As always, backyard astronomy is convenient but getting out to a darker sky away from buildings, trees and light pollution greatly improves your chances for enjoying the night sky. That having been said, let’s take a look at this weeks night sky.
Tonight, Sunday, September 4.
Facing West – Southwest about 30 minutes after Sunset, look for the thin waxing crescent Moon just 9.6% illuminated. The Moon is waxing toward first quarter later this week. Look about 5° below and to the left of the Moon to see if you can spot the bright star Spica. Looking to the right and below the Moon is Venus shining at magnitude -3.9 just about 5.5° above the horizon. You’ll need a clear, low horizon to see it.
Turn your gaze overhead and watch for the 0.0 magnitude star Vega (alpha Lyrae) to appear. Vega is the first star to appear after sunset this time of year and is in the constellation Lyra the Harp. Vega forms one corner of the summer triangle, a conspicuous asterism of three stars. As the night sky grows darker, around 8:30 PM, look for the 5.0 magnitude star Epsilon Lyrae. Depending on your location, you may need binoculars to spot it. Epsilon Lyrae, when viewed through binoculars, you’ll notice that Epsilon is really two 5th-magnitude stars that lie a little more than 3 arc-minutes apart. Each of these two stars is also double, but you need a telescope to split them. This is the famous double-double star in Lyra.
Monday, September 5.
In late August and early September, the constellations Ursa Major (the Great Bear) and Cassiopeia (the Queen) lie on opposite sides of the North Celestial Pole. Both constellations pivot around the North Star called Polaris (alpha Ursae Minoris). A common misconception is that Polaris is the brightest star in the sky. It is not the brightest star in the sky. That designation belongs to Sirius. Polaris is the brightest star in the constellation of Ursa Minor. throughout the course of the night in early September, these two constellations appear equally high as darkness falls. You can find Ursa Major and its prominent asterism, the Big Dipper, about 30° above the northwestern horizon. Cassiopeia’s familiar W-shape appears the same height above the northeastern horizon.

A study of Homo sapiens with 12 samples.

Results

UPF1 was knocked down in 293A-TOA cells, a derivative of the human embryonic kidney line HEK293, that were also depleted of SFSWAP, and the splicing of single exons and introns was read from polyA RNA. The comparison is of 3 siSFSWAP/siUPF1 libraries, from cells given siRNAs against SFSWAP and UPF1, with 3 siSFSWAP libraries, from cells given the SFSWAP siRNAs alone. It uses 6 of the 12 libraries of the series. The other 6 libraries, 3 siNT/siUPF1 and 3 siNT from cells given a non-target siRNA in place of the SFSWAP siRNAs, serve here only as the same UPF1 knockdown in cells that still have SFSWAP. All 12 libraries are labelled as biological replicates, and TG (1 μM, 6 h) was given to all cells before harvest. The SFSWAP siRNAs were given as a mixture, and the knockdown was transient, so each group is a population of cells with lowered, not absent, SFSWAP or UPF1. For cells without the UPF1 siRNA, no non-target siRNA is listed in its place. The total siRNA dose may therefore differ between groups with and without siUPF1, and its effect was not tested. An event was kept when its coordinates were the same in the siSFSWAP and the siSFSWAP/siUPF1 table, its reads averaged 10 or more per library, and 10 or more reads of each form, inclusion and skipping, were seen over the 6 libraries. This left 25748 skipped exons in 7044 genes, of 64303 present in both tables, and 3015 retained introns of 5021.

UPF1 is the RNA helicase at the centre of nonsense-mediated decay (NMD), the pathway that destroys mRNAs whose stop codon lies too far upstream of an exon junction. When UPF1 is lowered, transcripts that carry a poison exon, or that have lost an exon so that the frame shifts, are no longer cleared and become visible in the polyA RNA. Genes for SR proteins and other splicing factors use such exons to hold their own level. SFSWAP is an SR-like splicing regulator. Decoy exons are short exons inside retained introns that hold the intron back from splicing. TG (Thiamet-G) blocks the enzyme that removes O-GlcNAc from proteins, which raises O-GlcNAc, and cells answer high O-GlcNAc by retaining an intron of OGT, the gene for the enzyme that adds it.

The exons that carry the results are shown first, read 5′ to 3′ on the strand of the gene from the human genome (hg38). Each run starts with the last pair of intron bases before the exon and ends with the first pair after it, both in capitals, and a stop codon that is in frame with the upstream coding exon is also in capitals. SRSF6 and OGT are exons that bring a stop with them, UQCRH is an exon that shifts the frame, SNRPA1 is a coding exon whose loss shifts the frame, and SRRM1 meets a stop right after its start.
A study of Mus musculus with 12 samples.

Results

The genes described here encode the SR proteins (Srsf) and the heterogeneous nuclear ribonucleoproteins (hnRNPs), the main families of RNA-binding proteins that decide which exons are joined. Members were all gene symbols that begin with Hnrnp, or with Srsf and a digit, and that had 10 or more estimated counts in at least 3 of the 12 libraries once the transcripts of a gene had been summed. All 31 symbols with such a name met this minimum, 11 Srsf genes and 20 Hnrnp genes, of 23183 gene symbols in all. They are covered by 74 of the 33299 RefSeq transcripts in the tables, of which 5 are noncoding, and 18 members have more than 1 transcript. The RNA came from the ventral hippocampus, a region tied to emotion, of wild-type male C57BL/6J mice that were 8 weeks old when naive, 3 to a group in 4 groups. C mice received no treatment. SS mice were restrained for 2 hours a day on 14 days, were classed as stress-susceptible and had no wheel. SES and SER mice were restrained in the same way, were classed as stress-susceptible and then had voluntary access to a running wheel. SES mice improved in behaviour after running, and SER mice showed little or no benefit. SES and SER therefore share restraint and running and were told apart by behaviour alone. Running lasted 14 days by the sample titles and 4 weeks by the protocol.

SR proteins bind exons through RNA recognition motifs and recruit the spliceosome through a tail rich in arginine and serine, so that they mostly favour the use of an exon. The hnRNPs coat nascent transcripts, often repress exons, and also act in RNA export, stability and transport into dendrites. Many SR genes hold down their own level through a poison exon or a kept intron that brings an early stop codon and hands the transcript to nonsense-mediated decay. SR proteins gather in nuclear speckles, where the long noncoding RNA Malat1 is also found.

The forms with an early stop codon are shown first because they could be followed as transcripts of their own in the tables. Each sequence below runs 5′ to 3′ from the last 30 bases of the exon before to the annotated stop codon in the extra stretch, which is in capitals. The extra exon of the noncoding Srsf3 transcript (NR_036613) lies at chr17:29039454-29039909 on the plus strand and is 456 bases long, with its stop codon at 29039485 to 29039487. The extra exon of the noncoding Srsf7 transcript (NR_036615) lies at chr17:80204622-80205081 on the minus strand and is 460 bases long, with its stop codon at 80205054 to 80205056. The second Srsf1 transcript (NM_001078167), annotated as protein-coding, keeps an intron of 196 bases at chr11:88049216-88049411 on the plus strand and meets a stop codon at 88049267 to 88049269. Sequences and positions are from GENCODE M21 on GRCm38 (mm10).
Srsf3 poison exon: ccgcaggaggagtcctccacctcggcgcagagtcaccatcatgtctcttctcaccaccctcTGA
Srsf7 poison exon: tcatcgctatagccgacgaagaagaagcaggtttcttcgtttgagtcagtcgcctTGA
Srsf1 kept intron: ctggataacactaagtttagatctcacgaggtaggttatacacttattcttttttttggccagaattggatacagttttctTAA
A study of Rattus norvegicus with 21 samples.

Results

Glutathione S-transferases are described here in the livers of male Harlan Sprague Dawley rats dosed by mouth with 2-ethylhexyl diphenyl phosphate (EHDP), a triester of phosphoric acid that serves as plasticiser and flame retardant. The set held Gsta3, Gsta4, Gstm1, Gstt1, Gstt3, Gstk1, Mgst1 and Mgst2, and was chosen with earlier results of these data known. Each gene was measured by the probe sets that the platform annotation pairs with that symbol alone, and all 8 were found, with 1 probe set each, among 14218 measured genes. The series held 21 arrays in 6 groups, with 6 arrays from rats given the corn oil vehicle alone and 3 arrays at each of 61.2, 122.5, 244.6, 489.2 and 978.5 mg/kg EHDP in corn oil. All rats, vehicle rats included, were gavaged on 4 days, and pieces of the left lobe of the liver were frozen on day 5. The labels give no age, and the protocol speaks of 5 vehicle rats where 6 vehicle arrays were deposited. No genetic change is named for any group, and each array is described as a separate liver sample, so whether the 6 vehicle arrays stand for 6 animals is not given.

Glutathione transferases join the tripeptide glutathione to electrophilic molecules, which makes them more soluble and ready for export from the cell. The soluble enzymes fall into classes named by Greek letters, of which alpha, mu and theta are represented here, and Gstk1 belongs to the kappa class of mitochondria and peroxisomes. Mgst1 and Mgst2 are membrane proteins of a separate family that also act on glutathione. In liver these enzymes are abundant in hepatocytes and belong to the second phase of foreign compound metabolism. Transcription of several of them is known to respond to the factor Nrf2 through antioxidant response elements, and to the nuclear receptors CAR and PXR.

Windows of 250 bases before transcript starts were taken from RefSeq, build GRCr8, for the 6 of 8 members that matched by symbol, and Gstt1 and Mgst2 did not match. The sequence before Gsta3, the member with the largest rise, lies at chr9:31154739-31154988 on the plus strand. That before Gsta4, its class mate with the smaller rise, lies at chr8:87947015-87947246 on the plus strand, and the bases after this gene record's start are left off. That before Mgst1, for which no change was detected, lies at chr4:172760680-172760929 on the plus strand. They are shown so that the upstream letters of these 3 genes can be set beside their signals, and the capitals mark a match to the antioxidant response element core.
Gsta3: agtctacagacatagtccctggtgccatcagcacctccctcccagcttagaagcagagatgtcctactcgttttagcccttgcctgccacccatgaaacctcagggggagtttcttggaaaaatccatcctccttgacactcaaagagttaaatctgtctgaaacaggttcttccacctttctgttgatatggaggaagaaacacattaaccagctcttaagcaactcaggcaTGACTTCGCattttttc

Thursday, September 8.
Tonight look for the nearly First Quarter Moon to appear about 4° above Saturn. The duo appears in the Southwest 20 minutes after Sunset about 20° high. The scene looks best with the naked eye but don’t pass on the opportunity to view the moon and Saturn through binoculars or a telescope. Both are quite magnificent.
Friday, September 9.
First Quarter Moon occurs at 7:49 a.m. EDT. But wait for nightfall. The Moon appears about 55 percent lit and lies almost 10° above Mars. Mars is worth exploring in detail any night this week with a telescope. Mars shows a 10″ (arc-min) diameter, orange-red disk with a few subtle dark markings.
Observing the First Quarter Moon is always a treat with a small telescope. One word of caution, use a Moon filter. The First Quarter Moon is very bright and a moon filter reduces the glare and increases the contrast. Grab a Moon atlas and explore the Moon’s eastern hemisphere. After a low power view, put in a 10mm eyepiece and take a closer look at the area surrounding Mare Nectaris and the mountains (Montes Caucasus) the lie between Mare Imbrium and Mare Serenitatis. This is one of my favorite targets for Lunar star parties. It’s always a crowd-pleaser.